The Finalists Of The 2016 Wildlife Photographer Of The YearTranslate

2 year ago · Marta · 0 Comment
Categories: Art · Creativity · Photography     Tags: Photos · Photo · Photographer · Image · Wildlife · Nature · Shot · Snap · Nature Lovers
Organized for 52nd time, the annual competition 'Wildlife Photographer of the Year' (WPY) has recently presented this year finalists. To the great joy of the nature lovers, the completion was entered by a hornbill that is eating a termite, by a curious fox caught in an urban area, and by mayflies gathered around in a starry night. Those images and several others were picked by the judges as being the best examples of the wildlife photography.

The 'Wildlife Photographer of the Year' competition started in 1965, when around 500 photographers entered it. Today, some fifty years later, the number of the wildlife photographers reached 50 000, including amateurs and professionals coming from 95 countries around the globe.

The images are divided into three categories and are selected due to their creativity, originality, and technical presentation. Winners will be announced on 18 October. This impressive WPY52 exhibition will be presented at the Natural History Museum in London, starting on 21st of October.

#1 "Splitting The Catch" By The Photographer Audun Rikardsen From Norway

#1 "Splitting The Catch" By the Photographer  Audun Rikardsen from Norway
This image looks like cartoon with its pure color. The chaotic swarming of mayflies on Hungary’s River Rába captivated the photographer who managed to capture this spectacle under the starry sky. For several days each year (usually at the end of July or in the beginning of August), many adult insects emerge from the Danube tributary. On that day, the insects emerged after sunset and stayed close to the water. Once they mated, the females gained altitude.

#4 "The Disappearing Fish" By The Photographer Iago Leonardo From Spain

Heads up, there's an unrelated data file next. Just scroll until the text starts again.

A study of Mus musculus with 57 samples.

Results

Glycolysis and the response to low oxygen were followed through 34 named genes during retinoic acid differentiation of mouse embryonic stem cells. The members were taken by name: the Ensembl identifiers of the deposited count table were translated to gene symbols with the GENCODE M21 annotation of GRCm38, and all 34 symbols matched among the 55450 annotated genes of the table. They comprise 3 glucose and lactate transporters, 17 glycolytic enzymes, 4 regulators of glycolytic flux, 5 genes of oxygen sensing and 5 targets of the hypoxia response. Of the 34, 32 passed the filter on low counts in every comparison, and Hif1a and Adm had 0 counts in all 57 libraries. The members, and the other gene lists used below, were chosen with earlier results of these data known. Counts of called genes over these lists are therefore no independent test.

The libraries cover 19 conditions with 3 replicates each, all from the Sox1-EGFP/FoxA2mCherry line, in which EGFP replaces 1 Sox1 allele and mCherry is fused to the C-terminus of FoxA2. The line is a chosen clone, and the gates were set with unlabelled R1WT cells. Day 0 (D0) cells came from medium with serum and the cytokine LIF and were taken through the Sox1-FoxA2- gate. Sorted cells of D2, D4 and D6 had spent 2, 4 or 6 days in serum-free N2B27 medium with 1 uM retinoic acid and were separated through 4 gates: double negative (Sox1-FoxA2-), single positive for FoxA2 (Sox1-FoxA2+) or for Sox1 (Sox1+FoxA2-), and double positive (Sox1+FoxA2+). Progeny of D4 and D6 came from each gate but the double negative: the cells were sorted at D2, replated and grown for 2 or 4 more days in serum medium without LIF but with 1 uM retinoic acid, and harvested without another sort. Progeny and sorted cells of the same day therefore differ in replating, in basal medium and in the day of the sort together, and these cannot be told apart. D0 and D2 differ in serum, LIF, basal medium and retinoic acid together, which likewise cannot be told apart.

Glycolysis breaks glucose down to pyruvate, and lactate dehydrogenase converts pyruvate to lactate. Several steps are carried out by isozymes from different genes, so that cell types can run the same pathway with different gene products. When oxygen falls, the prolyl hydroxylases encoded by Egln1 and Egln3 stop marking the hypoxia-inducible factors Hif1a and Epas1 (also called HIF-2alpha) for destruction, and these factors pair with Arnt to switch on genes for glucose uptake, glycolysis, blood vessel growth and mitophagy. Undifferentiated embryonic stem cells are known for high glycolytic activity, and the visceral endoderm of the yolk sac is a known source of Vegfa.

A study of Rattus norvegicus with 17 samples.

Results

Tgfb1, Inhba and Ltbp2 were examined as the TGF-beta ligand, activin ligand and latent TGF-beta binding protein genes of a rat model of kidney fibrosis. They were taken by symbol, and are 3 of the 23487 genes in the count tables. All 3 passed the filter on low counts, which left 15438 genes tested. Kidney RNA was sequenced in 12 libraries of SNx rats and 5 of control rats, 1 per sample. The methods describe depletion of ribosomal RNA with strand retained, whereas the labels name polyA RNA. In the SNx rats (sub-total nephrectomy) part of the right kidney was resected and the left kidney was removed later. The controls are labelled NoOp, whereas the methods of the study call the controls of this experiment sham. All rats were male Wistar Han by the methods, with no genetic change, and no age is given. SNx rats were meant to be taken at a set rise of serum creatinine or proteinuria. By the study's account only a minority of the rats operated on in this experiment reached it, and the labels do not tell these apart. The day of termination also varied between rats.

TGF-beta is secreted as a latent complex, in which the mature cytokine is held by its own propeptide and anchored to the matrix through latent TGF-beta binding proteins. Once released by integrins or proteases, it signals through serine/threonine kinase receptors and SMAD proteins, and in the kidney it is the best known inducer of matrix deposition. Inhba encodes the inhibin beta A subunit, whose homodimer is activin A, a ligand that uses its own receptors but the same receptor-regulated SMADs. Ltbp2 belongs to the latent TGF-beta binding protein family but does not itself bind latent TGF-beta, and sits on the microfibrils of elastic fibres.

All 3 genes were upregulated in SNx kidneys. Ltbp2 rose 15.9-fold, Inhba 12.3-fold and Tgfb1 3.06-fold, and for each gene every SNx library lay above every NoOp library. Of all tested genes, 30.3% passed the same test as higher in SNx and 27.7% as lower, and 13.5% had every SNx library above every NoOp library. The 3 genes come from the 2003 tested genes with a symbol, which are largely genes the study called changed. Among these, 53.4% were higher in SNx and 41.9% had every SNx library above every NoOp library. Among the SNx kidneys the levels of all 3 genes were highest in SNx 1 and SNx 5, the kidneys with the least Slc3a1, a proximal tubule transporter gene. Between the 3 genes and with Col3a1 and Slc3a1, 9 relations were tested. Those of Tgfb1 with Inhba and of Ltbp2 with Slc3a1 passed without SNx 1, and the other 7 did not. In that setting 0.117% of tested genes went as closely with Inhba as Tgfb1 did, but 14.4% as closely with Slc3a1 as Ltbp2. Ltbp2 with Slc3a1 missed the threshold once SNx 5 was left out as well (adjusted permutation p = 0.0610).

#4 "The Disappearing Fish" By the Photographer Iago Leonardo from Spain
The open ocean does not offer many options for hiding, yet the lookdown fish have found a solution. May be its name comes from the steep profile of its head, as its mouth is set low and it has large eyes high, but that creature is a master of camouflage. It uses special platelets hidden in its skin cells in order to reflect polarised light and in this way it becomes almost invisible to the predators. 

#10 "Golden Relic" By The Photographer Dhyey Shah From India

#10 "Golden Relic" By the Photographer Dhyey Shah from India
Gee’s golden langurs are fewer than 2,500 mature adults left in the wild, found only in some parts of the northeastern India (Assam) and Bhutan forest. They are living high in the trees and are difficult to observe. This one was photographed on the tiny island of Umananda, where is the temple dedicated to the Hindu god Shiva.

#11 "Thistle-Plucker" By The Photographer Isaac Aylward From UK

#11 "Thistle-Plucker" By the Photographer Isaac Aylward from UK
This linnet was spotted by the photographer as he was hiking in Bulgaria’s Rila Mountains. He managed to catch up with the tiny bird when it settled to feed on a thistle flowerhead. The bird pulled out the little seed parachutes, nipped off the seeds and then discarded the feathery down.